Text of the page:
Angela Shepherd, community contributor • Dec 22, 2018 at 4:30 PM

ROAN MOUNTAIN - The Southern Appalachian Highlands Conservancy (SAHC) transferred 324 acres to the Cherokee National Forest. Located on Hump Mountain in the Highlands of Roan, the upper edge of the property extends just 500 feet from the Appalachian National Scenic Trail (AT). The AT passes across the grassy balds atop Hump Mountain, affording hikers breathtaking 360-degree views of the surrounding landscape.

“This is an outstanding example of how federal, state and private partners can work together to achieve common goals,” said JaSal Morris, Forest Supervisor, Cherokee National Forest. “The purchase is a great addition, not only to the Cherokee National Forest land base, but to the entire National Forest System. It will be managed for protection of its exceptional natural resources and the public’s enjoyment of its scenic beauty.”

SAHC purchased the tract last year in order to permanently protect scenic views and critical wildlife habitat. The property, which adjoins Tennessee’s Hampton Creek Cove State Natural Area, had been a conservation priority for SAHC and partners at the Appalachian Trail Conservancy (ATC) and the U. S. Forest Service for decades.

“The AT offers Americans from across the country the ability to experience a piece of history while enjoying the outdoors from Georgia to Maine,” said Wendy K. Janssen, Superintendent of the Appalachian National Scenic Trail. “We at the National Park Service are thrilled that the Hump Mountain tract will be preserved and protected as part of the AT landscape. This project is a model for our Landscape Conservation Initiative with the ATC and partners such as SAHC and U.S. Forest Service.”

The land contains exceptional habitat and water resources and is almost entirely surrounded by Audubon Society Important Bird Areas. Golden-winged Warbler and Alder Flycatcher have been identified near the property, and threatened, native Gray’s lily has been observed onsite. The tract contains the headwaters of Shell Creek and unnamed headwater tributaries of Doll Branch, which flow into the Doe River.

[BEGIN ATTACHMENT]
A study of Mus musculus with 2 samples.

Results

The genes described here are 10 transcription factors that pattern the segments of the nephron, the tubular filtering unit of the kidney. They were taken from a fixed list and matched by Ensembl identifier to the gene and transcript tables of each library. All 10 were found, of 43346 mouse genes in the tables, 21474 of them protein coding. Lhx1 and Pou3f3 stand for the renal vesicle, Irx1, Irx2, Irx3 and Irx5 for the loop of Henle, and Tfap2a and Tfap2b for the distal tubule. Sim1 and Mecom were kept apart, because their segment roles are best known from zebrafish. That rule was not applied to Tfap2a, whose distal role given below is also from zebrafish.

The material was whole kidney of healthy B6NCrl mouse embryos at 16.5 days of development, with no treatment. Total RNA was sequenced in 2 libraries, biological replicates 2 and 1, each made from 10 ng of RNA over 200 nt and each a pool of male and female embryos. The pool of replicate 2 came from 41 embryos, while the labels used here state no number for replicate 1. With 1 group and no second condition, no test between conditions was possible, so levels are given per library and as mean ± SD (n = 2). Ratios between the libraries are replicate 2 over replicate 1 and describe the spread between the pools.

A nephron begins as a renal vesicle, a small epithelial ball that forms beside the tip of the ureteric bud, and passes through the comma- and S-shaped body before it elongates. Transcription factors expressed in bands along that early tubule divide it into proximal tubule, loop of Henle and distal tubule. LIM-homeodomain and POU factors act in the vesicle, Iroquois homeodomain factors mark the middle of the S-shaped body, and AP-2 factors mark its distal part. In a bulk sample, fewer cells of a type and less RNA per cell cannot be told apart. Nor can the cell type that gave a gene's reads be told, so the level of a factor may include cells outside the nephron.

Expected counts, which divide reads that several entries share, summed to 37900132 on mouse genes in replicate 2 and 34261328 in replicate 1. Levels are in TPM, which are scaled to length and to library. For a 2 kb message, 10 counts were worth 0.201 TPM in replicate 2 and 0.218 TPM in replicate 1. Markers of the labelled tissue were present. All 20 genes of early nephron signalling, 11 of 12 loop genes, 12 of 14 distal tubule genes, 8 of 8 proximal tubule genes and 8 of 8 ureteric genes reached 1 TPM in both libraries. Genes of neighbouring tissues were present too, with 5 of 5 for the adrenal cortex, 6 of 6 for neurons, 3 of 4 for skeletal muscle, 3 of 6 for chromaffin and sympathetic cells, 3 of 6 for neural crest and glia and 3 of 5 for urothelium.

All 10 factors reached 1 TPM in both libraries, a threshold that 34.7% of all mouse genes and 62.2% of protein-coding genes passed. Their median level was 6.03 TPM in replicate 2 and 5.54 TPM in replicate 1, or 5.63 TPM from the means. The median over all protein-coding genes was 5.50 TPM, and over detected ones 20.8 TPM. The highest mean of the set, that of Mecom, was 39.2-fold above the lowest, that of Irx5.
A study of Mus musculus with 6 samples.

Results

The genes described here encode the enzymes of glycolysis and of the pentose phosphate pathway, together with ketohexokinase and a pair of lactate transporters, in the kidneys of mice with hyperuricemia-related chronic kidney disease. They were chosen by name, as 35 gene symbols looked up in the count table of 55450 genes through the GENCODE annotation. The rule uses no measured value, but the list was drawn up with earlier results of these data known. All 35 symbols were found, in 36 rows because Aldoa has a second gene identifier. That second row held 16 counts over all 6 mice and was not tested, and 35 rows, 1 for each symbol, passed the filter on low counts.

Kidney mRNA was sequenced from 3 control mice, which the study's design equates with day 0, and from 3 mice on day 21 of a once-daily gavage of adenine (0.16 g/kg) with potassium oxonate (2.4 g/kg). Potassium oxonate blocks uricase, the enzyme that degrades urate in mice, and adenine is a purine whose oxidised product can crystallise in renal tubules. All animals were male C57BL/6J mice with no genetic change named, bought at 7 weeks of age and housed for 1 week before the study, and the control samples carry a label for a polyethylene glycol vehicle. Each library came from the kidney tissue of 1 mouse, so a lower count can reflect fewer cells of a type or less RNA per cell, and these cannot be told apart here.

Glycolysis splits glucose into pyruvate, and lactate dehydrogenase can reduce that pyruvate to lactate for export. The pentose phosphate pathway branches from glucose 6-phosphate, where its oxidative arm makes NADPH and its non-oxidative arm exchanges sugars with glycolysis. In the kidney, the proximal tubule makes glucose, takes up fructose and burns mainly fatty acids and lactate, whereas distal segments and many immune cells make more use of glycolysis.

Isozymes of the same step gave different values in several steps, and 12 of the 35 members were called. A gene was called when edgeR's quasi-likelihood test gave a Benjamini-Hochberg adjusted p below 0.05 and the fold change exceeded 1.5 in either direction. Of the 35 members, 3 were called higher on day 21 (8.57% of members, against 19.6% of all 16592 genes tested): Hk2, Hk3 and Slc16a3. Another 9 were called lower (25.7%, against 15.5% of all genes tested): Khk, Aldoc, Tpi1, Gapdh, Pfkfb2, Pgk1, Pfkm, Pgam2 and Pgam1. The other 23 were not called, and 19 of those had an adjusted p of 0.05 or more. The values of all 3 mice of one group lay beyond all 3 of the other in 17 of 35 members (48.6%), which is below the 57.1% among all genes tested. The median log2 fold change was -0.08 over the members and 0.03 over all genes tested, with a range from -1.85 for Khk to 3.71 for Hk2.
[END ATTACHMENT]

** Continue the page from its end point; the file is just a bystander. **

“SAHC took a financial risk to buy the Hump Mountain property, using a significant loan from our partners at The Conservation Fund,” explains Michelle Pugliese, SAHC’s land protection director. “The exceptional natural and recreational values of the property gave us confidence that it would qualify for funding from the Land and Water Conservation Fund (LWCF) to enable the U. S. Forest Service to purchase it from us. The LWCF program has played a critical role in establishing our national forests along the Appalachian Trail corridor. A grant from the U.S. Fish & Wildlife Service also helped transfer this property into public ownership. Appalachian Trail hikers and Golden-winged Warblers alike will benefit from this acquisition for generations to come.”

Created by Congress in 1965, LWCF was a bipartisan commitment to safeguard natural areas, water resources and cultural heritage, and to provide close-to-home recreation opportunities to all Americans. It expired in September. Bipartisan efforts continue to call for LWCF reauthorization and full funding.

“Unfortunately Congress allowed the LWCF to expire Sept. 30, after 53 years as America's most successful conservation program,” says Jay Leutze, SAHC Trustee and spokesman for the LWCF coalition. “We certainly hope this project is not the last one we get to do in this treasured landscape. Congress should reauthorize and fully fund the LWCF immediately, before we lose the opportunity to save more places like Hump Mountain.”

“The announcement by the Southern Appalachian Highlands Conservancy that it has transferred 324 acres on Hump Mountain – close to the Appalachian National Scenic Trail – to the Cherokee National Forest is the latest example of the important role the LWCF can play in protecting Tennessee’s outdoors, like it has done for over 50 years,” said Senator Lamar Alexander. “Efforts like these will help further preserve our state’s beautiful land and recreation areas so future generations have the same opportunities to enjoy them as we have.”

The Southern Appalachian Highlands Conservancy is a non-profit land trust. To learn more, visit www.Appalachian.org.